An undercover police officer had heard rumors that it was possible to purchase drugs without prescription from a pharmacy in Manhattan. He had also heard it said that it was also possible to purchase drugs using a different prescription and the purchase price was discounted when a Medicaid car was used.
A New York Drug Crime Lawyer said the undercover police officer entered the pharmacy and asked to buy forty pills of an antidepressant and a drug for treating high blood pressure. The pharmacy clerk out front told the undercover police officer that 40 pills were too many to sell without a prescription. He also told the undercover police officer that it was a federal crime to sell those drugs without a prescription. However, the clerk told the undercover police officer that he will speak to his boss who will decide. A few minutes later, the clerk came out with two bottles of pills, each containing forty pills. One set of pills was stamp-marked 2105V and the other was stamped 129. He paid twenty dollars for each bottle of pills.
A week later the same undercover cop returned to the pharmacy and asked for 20 antidepressants and 20 high blood pressure pills. He was given two bottles again, one contained 25 pills marked 2105V and 25 pills marked 129.
Three months later, the same undercover police officer went back to the Manhattan pharmacy asking to buy 20 more antidepressants and anti-high blood pressure medication. The clerk refused to sell the undercover cop the medicines he asked for. A New York Drug Possession Lawyer said the clerk claimed that cops had already been to their pharmacy asking questions. Just the same the clerk later came out from the back with two bottles of pills. One bottle contained 20 pills with a stamp-mark of 2105V and the other bottle contained pills stamp-marked 129.
At the end of the month the undercover police officer came in with a prescription. He asked the clerk to fill the prescription. He paid for the medicine using a New York State Benefit Card which was in the name of a woman whom the police officer claimed was his wife. The woman was fictitious.
Later the undercover police officer brought in a prescription for an anti-psychotic drug but he wanted to buy instead the antidepressant and the anti-high blood pressure medicine he had regularly been buying. He presented the same Medicaid card. He was given two bottles with forty pills each. One contained the pills stamp-marked 2105V and the other bottle contained pills stamp-marked 129.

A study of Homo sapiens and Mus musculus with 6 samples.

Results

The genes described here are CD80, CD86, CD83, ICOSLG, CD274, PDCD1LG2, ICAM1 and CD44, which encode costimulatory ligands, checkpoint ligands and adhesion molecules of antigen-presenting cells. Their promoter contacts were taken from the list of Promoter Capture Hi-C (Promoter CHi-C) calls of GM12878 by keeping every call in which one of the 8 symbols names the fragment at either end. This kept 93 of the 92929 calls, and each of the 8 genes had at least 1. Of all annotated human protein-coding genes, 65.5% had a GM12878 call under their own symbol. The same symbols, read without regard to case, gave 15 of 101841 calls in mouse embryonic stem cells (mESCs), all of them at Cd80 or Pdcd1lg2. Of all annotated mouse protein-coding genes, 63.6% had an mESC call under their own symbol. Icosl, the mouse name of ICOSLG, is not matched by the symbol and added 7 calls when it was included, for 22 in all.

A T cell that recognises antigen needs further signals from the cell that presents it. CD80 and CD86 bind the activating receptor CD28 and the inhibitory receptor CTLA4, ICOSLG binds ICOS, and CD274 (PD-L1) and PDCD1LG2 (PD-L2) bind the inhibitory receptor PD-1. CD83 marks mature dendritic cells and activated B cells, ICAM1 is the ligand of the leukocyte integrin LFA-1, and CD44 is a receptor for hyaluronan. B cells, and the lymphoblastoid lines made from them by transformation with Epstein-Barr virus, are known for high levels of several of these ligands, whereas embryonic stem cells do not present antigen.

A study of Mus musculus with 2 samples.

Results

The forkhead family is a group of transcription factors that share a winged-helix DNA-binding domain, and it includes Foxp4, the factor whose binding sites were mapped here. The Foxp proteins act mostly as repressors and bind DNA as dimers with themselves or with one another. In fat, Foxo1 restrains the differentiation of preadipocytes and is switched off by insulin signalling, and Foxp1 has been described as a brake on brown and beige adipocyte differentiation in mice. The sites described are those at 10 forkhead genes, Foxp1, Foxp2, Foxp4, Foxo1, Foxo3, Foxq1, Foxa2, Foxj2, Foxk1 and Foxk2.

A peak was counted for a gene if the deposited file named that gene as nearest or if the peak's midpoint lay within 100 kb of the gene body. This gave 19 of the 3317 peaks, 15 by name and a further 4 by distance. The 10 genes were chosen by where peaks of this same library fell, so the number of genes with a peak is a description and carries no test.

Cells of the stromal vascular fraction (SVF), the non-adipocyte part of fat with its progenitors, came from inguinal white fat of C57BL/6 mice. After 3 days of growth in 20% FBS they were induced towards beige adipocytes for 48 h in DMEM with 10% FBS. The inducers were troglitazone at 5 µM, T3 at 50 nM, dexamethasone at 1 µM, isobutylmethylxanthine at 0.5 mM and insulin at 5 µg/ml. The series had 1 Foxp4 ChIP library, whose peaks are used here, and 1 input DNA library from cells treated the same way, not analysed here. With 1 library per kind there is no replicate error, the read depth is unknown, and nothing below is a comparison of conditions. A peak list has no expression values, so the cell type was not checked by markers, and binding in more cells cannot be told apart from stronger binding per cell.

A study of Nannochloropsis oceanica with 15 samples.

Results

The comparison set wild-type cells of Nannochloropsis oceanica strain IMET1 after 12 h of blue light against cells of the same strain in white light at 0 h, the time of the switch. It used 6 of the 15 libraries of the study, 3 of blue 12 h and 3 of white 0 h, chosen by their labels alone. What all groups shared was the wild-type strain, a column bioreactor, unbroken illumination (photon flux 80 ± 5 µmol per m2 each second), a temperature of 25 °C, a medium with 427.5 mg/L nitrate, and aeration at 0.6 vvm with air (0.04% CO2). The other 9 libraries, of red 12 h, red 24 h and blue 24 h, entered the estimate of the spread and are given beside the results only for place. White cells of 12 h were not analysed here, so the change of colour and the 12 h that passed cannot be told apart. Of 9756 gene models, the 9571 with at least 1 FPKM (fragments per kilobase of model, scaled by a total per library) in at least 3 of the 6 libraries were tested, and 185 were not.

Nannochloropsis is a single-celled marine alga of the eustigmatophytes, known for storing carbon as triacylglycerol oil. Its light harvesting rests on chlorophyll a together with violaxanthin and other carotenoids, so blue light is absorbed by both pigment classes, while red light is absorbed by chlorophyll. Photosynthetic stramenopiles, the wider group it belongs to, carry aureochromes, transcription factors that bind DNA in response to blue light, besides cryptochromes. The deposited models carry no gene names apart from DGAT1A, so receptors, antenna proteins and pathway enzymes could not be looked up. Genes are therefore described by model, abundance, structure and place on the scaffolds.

Two months later the same undercover cop came in with a prescription for antiviral drugs used for HIV. He used the prescription but he wanted to buy a controlled pain-killer. The clerk refused to sell him the pain-killers so they haggled and the police officer instead asked to buy the same antidepressant and anti-high blood pressure pills he had been buying in the past. He paid for the medicine using the Medicaid card again. A Nassau County Drug Possession Lawyer said the clerk informed the police officer that if he brought in any identification card with a photo on it, he would be able to purchase the pain-killers he wanted. That weekend the police officer brought in a fake identification car with a photo on it and he was sold a bottle of 40 pills which the clerk said were pain killers.
All the pills purchased by the police officer were vouchered at the precinct after each time that he purchased them. The pills themselves were never subjected to chemical analysis to determine what medicines they truly were.
Two months after the last purchase by the police officer, a police team served a search warrant on the pharmacy. Their search yielded five prescriptions for the “wife” of the undercover police officer. They also found requests for reimbursement from Medicaid for those purchases. They also found a check from Medicaid paying for the pills bought by the undercover police officer for his “wife.” The check amounted to $32, 297.60.
The district attorney charged the pharmacy clerk and his boss, the pharmacist with grand larceny for having fraudulently obtained the amount of $32, 297.60 from Medicaid on a fraudulent card, a non-existent Medicaid member and for medicines other than those appearing in the prescriptions.
A Queens Drug Possession Lawyer said the two accused were convicted of Grand larceny. The two accused assailed the indictment on the ground that there was no legally sufficient basis for this charge. The Court held that the two accused wrongfully took and withheld money from New York State by misleading the Medicaid to pay for the purchase of medicines of a person other than the card owner or cardholder and for medications which were other than those appearing on the prescriptions provided.